Suppose I author a book as a PDF with half-letter pages. I want to print 4 of these page on each letter sheet (2 tiled on the front, 2 on the back), stack them on top of each other, and bind through the middle.

It seems to me that for instance if my book had 16 pages, sheet 1 would have to contain pages 1 and 16 on the front side, page 2 behind 1 and 15 behind 16. Then sheet 2 would need to be printed with pages 3 and 14 on one side, 4 behind 3 and 13 behind 14. Yet it seems that most printers and PDF converters produce output so that sheet 1 will contain pages 1 and 2, with 3 and 4 behind them, then sheet 2 will contain pages 5, 6 on one side and 7, 8 on the other.

What is the style of printing that I want called? Is it common for consumer printers to support it? How do book printers deal with this problem? Do they just generate a PDF that already has the pages laid out in the right order (tiled and arranged on full-size paper), and then simply print that? How?


The print mode you're referring to is called Booklet. You do not need any commercial software in order to do this; you can use Adobe Acrobat Reader to do it for free, granted your document is already a PDF.

Here are the steps to print in booklet mode:

  1. Open the document in Adobe Reader and then click on the Print file icon (or press CTRL+P).
  2. Select the printer you would like to print the document with.
  3. Select the pages you would like to print.
  4. Click on the Booklet button under the Page Sizing & Handling group.
  5. Choose Both sides under the Booklet subset combo box.
  6. Select the side the booklet will be bound (or stapled) from the Binding combo box.
  7. Select your preferred orientation option.
  8. Print the document.

Screenshot of Booklet Print


When I was a Windows user, I used a commercial product called Clickbook (about $50 with a free trial). It handles not only the page sequencing, but page orientation, page size and margins, etc., for an endless collection of formats. Unfortunately, they don't have a Linux version.

You output the file normally to Clickbook (you select it like a printer). Then it opens a UI where you select (and modify, if desired, or create), the output format you want. It works with virtually any printer.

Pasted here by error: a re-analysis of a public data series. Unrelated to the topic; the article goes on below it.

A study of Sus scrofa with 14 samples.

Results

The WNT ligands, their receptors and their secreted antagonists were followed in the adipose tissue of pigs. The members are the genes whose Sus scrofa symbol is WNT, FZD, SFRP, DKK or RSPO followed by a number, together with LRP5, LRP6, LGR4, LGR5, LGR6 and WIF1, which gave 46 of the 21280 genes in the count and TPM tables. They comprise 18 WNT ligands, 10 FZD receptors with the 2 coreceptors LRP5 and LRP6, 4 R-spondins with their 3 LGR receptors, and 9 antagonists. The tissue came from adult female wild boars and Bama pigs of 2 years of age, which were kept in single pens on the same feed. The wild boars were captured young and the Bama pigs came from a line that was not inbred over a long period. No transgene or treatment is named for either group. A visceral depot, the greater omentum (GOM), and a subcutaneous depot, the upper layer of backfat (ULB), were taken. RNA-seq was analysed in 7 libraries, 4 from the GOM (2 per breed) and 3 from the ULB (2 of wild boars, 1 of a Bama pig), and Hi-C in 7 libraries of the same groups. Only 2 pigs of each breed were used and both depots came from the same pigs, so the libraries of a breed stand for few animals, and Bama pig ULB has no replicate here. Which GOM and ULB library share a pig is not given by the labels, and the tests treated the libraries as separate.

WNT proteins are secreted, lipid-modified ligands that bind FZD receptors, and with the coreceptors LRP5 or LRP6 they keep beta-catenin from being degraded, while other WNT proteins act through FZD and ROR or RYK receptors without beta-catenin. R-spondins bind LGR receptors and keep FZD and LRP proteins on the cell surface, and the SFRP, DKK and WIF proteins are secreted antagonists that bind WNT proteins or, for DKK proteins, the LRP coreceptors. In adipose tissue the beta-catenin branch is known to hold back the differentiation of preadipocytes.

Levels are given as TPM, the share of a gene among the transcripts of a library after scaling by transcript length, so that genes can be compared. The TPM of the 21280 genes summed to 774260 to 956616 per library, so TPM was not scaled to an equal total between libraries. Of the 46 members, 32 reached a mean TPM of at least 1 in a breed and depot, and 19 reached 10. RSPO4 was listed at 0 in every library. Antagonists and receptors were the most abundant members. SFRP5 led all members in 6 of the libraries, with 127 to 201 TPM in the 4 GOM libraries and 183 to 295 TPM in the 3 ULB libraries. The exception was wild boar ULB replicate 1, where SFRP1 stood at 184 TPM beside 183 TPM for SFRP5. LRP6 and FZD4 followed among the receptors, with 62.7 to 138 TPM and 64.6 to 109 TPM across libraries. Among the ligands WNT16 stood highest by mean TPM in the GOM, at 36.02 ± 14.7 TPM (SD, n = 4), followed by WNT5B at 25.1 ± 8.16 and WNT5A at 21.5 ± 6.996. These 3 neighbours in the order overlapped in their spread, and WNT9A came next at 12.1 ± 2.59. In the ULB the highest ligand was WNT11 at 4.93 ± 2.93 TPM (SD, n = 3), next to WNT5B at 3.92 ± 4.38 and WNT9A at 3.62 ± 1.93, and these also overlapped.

BTW, Clickbook doesn't require creating the pages in half-letter size (although you can). You can start with letter sized pages and output a wallet-sized booklet if you want. It will shrink the pages as needed to fit the format (and the output is very high quality).

  • Did you try it under Wine? – MariusMatutiae Dec 1 '15 at 8:41
  • @MariusMatutiae: That's been on my list of things to do. Haven't tried it yet because I haven't recently had a need. – fixer1234 Dec 1 '15 at 8:45
  • 1
    If you do, let me know, I am curious. – MariusMatutiae Dec 1 '15 at 8:47
  • @MariusMatutiae: Finally had occasion to use Clickbook again. Couldn't get it to work in Wine (probably because it acts like a driver). – fixer1234 Mar 24 '16 at 1:02
  • Too bad.. it sounded like a reasonable solution. – MariusMatutiae Mar 24 '16 at 9:05

No need to pay for anything! I have Brother printer and this is what I just did to print my 16-page book.

  2. Click Preferences

  2. Choose multiple page, page order and booklet
  3. Click Duplex Settings


OK, OK, print.


  • 1
    Is this a feature of your printer driver (specific to Brother), or your application software? – fixer1234 Dec 1 '15 at 9:33
  • 1
    Don't think it's Brother's feature, I just clicked Ctrl+Shift+P and these settings appeared. I think same settings I had before though using another brand printer. – Liam Moore Dec 1 '15 at 9:37
  • Does this come up with a specific application or any application? The "Brother Solutions Center" seems to indicate that this is an enhanced driver. If you had the feature with another brand printer, that could also have been an enhanced driver. It's a great feature that I haven't seen in CUPS (the Linux printer driver system), for any of my printers. Sometimes the Windows version is more full-featured, but this wasn't available on any of mine when I used Windows. It would be really useful if you are able to nail down what other users would need to duplicate your solution. – fixer1234 Dec 1 '15 at 10:08

And for Linux (and MacOS X), this has been around since old Unix days wth the command psbook (for PostScript files), now in PDF version as pdfbook with the excellent package pdfjam.